Cannon Hull

132 Ferensway,
Hull, HU2 8LN


Previously operated by: Associated British Cinemas Ltd., Cannon Cinemas, County Cinemas Ltd.

Architects: Robert Cromie

Styles: Art Deco

Previous Names: Regal Cinema, ABC Hull, ABC 1-5


Cannon Hull

Built by the County Cinemas chain and completed six weeks ahead of schedule, the Regal Cinema opened on 26th January 1934 with film star Merle Oberon appearing ‘in person’ and also in the opening film “The Private Life of Henry VIII” starring Charles Laughton. The vast Regal Cinema was designed by architect Robert Cromie with interior decorations by Mollo & Egan. It had 2,553 seats in stalls and single balcony cost £95,000. A 28ft deep stage was provided behind the 50 foot wide proscenium and was often used for pop concerts and opera! Such stars as Ronnie Hilton, Cliff Richard and The Beatles all appeared here.

A Conacher 4Manual 22Ranks organ with illuminated console, designed by Reginald Foort, was installed with the organ pipes housed in the space above the proscenium. There was also a café for the convenience of its patrons.

Three years after opening it was acquired by Associated British Cinemas(ABC) on 8th November 1937, and became their major cinema in the area - they owned 4 others in the city at various times.

In 1959 a new projection suite was constructed at the rear of the circle and on reopening the cinema became the ABC from 21st February 1960.

The richly decorated auditorium was however ruined in November 1976 when it was rebuilt as five smaller cinemas seating 569, 346, 261, 166 and 96.

In May 1986 it was taken over by the Cannon Group and in 1989, amid talks of closure the ABC was renamed Cannon. After some company confusion as to which Cannon property (the group also owned the Cecil Cinema - now known as Cannon Classic) was to close with both being offered for sale at some point, the 5-screen Cannon (ex Regal Cinema) closed 29th June 1989.

Talks of conversion to a rock venue or conference centre came to nought and this fine old cinema was never used again. It was in a very poor condition - part of the roof had collapsed and the brickwork became sodden and porous.

The next and final attraction was to be a wrecking crew, which completed its work in January 2004.

Contributed by Ian Grundy

Recent comments (view all 21 comments)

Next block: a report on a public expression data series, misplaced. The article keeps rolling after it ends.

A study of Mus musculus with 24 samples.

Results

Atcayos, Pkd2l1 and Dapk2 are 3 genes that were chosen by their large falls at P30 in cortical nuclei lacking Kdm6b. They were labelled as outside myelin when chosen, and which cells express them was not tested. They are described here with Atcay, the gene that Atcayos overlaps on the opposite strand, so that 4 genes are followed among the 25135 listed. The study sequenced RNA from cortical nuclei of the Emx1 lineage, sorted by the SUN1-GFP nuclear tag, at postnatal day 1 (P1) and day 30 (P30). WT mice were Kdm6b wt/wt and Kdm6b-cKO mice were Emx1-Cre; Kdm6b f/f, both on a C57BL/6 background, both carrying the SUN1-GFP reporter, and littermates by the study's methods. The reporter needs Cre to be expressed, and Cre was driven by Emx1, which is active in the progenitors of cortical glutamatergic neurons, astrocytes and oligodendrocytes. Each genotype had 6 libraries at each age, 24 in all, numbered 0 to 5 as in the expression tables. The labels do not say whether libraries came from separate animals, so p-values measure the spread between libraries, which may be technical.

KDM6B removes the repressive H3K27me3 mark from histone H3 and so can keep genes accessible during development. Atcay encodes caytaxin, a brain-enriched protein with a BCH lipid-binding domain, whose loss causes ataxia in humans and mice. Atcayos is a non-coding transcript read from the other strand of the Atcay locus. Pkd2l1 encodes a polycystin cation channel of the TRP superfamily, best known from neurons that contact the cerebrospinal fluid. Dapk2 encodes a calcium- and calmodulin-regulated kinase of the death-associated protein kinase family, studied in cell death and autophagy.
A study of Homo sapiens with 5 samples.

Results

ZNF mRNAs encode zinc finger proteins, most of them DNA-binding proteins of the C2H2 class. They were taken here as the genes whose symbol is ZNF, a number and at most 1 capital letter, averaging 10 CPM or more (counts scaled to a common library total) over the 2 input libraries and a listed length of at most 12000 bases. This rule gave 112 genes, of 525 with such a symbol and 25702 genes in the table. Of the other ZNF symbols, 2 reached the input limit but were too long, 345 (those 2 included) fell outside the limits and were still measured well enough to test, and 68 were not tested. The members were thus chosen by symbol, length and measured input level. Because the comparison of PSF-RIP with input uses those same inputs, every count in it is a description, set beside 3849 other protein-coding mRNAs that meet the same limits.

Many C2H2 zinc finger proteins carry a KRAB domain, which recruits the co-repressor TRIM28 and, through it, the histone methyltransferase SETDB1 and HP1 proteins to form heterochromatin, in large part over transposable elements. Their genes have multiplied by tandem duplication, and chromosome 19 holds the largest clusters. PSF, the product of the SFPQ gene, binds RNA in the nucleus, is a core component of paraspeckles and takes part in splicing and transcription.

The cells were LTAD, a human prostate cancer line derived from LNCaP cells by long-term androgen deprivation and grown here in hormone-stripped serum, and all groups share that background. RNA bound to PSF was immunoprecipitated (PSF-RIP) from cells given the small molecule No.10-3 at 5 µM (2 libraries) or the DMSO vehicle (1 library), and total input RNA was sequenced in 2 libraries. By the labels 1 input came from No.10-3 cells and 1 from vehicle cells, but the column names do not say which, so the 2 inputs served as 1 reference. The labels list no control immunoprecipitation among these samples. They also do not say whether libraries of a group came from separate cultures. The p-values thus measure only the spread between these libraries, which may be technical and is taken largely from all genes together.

belleahull on November 14, 2009 at 4:55 pm

My dad worked at abc frm the late 60,s till 1990,I spent every weekend and school holiday til i was 13yrs old.I knew every nook and cranny of that place was sad to see it go very happy memories of the place

mum88 on July 27, 2010 at 3:58 pm

My mum and dad met when they worked at the “Regal” in the 1930s. Mum was an ice-cream girl and stood in the spotlight which was operated by my dad. Mum is now 88 but still remembers the film stars who visited and has photos of the staff.

CSWalczak on November 21, 2012 at 12:17 am

A British Pathé Newsreel about the construction of this theatre can be seen here.

ODEONesque on July 27, 2013 at 2:11 pm

Sorry but what became of the Conacher organ? None too many of them about even in the heyday.

MikeJC on March 18, 2014 at 7:06 am

Sad to say, none of the four manual, twenty-two rank Conacher organs survived. Bits do appear on the second-hand market from time to time.

terry on September 2, 2014 at 8:34 am

From The British Pathe Library:– (Rolling Stones at ABC Hull )

terry on June 1, 2016 at 9:54 am

3 images uploaded

Mike_Blakemore on June 1, 2016 at 1:09 pm

Love that Interior Picture Terry. A Very fine example of a Robert Cromie’s work. The Prince of Wales Theatre London and the Theatre Royal Drury Lane Remodel. Great building always end up having something insipid to replace them.

Ron Knee
Ron Knee on November 20, 2018 at 1:45 pm

Attaching a picture of the Opening Brochure,which also had a separate programme of the film, private life of Henry VIII. The cover of the programme shows an intended auditorium design which was to be used on the splay walls, between these black columns the recesses were to have hand painted scenes,however, gold decorative grills were used instead. Mollo & Egan who did the interior decoration used this idea many times especially for the Shipman & King circuit. Eugene Mollo also hand painted the Fire Safety Curtain.